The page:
This year’s district council elections are about more than bus stops and sidewalk repair. Invigorated by a new generation of post-Occupy politicians, the old school and new crews fight for the soul of Hong Kong. With 431 seats up for grabs and four political camps – comprising myriad parties as well as independents – knowing who to vote for can be perplexing.
District Councils polls, the perennially unloved underdogs of Hong Kong elections, are taking centre stage for the battle for the city’s soul in 2015. Every four years , polls open to middling response – but that was before the Umbrella Movement. This year, on November 22, record turnout is expected as a record number of candidates sign up to represent the people.
This may seem odd given the nature of the issues that have driven the city over the past year. Constitutional reform, electoral procedures, and institutional integrity seem too lofty for the humble district council elections that determine where bus stops and footbridges go. However, an important shift in the city’s politics has seen a new generation of young people seek to get in the game.
Indeed, the fighters of old causes, like advancing democracy, seem to have held back their enthusiasm for the district councils. The traditional pro-democratic forces will field their lowest candidate count in years. Localists have emerged from the Umbrella Movement, flooding the field with political neophytes. Disenchanted with the pan-dem forces, they have refused to cooperate with, and will run against, pan-dem candidates. Localists are, for the first time, linking big issues, like Chinese domination of Hong Kong, to local issues like the crowding of shopping areas by mainland daytrippers.
The pro-establishment forces seem to be more intent on presenting a unified face to take control of more seats. The various parties rarely run against each other, even where ancient enmity persists (for example, the Liberal Party and Business and Professionals Alliance (BPA)). There are even reports of the pro-establishment forces running candidates who do not declare their affiliation to pro-establishment community groups. They are attempting to put a neutral, unaffiliated, face in front of the public in a district that may not lean towards the Beijing friendly crowd.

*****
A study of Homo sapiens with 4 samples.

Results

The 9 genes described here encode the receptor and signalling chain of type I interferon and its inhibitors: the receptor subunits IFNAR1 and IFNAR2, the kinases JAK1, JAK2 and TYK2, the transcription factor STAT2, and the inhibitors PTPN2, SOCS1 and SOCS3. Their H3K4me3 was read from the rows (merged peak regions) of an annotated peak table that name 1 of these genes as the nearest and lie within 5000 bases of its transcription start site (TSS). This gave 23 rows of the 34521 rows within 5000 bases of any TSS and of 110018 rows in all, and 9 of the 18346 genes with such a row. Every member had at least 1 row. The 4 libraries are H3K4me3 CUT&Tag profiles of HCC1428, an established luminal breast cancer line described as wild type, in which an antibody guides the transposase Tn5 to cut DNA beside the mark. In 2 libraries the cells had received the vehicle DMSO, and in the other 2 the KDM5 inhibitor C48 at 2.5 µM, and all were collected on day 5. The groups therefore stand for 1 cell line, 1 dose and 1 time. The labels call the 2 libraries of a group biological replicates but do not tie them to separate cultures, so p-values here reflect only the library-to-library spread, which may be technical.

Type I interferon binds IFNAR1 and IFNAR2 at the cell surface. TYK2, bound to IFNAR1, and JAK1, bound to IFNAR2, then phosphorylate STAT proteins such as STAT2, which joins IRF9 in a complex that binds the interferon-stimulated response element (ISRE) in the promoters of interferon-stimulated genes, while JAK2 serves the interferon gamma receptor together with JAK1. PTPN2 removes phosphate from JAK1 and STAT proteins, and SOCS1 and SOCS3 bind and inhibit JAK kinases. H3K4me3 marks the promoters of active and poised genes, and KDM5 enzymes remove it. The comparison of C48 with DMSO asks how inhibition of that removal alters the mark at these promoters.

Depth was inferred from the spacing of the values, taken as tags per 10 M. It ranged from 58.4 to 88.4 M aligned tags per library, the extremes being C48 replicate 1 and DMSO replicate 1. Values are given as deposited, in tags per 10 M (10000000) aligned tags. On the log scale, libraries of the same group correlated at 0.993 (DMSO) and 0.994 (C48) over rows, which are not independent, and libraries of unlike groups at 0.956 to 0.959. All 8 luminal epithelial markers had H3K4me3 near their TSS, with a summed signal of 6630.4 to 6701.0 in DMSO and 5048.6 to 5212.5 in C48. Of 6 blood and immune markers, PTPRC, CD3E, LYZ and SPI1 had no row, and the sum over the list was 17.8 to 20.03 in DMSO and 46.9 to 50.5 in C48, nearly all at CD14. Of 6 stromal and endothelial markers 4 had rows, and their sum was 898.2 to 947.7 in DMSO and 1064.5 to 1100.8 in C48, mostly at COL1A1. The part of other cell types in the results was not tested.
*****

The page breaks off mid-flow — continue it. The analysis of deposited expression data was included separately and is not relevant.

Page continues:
Much of this springs from the aftermath of the Umbrella Movement. Young, impatient protesters who cut their teeth on organising there found they have a voice and are not content to let their toothless, in their opinion, elders speak for them. The pro-establishment forces, shocked at the organisational nous and vigour of the Umbrella Movement, have found their encouragement and support from Beijing, via the Liaison Office and other channels, increased, leading to more candidates than ever being encouraged to run. Voter registration numbers may suggest were the real power lies; voter registration increases among the 66 to 70 age group are much higher at 18% than for the 18 to 20 age group, which saw a 5.1% increase. And the elderly tend to vote more conservatively. In Hong Kong, that means pro-establishment, and the pro-establishment camp has been more organised in registering friendly voters for the upcoming elections.
And Beijing’s friends play to win. The mass line theory (群眾路線) is a political strategy from the Marxist school that suggests political control at all levels is needed to maintain total control- even bus stops and local tree plantings. Finding candidates and running campaigns requires organisation, money and a machine – something the pro-establishment excels at. They have the muscle to push people to stand and the resources to support candidates in every riding.
By contrast, the pan-dems struggle to get candidates. Emily Lau, Chair of the Democratic Party, claims “It’s difficult to find good, hard-working people,” leading to up to 15% of districts being contested by only one candidate, almost always a pro-establishment figure. While they managed to win 103 of 412 seats in the last election (to the pro-establishment’s 299) they have only 95 candidates running this time, not all of whom will win. Also, resources are an issue – why run a campaign if you can’t do it right and win? And, if successful,the job is time consuming, not financially well rewarded, and you’re often unknown to most of your constituents.
District Councilors may appear invisible to many disconnected citizens, but play an important part in the lives of concerned, switched-on citizens. They are champions for those who find themselves victims of shoddy government services or ignored by powers that be. They give voice to local discontent. They can build support bases for themselves and their party that could turn into organisational support for LegCo elections and maybe, someday, proper CE elections.
So for people who actually run the city, this grassroots level of politics matter. For those who are dispossessed, Councilors can be powerful champions. They are the footsoldiers in the battle for the soul of the city.
He has run The Canadian Chamber of Commerce in Hong Kong, founded The Lion Rock Institute and has over 25 years engagement in media, politics, policy and community engagement.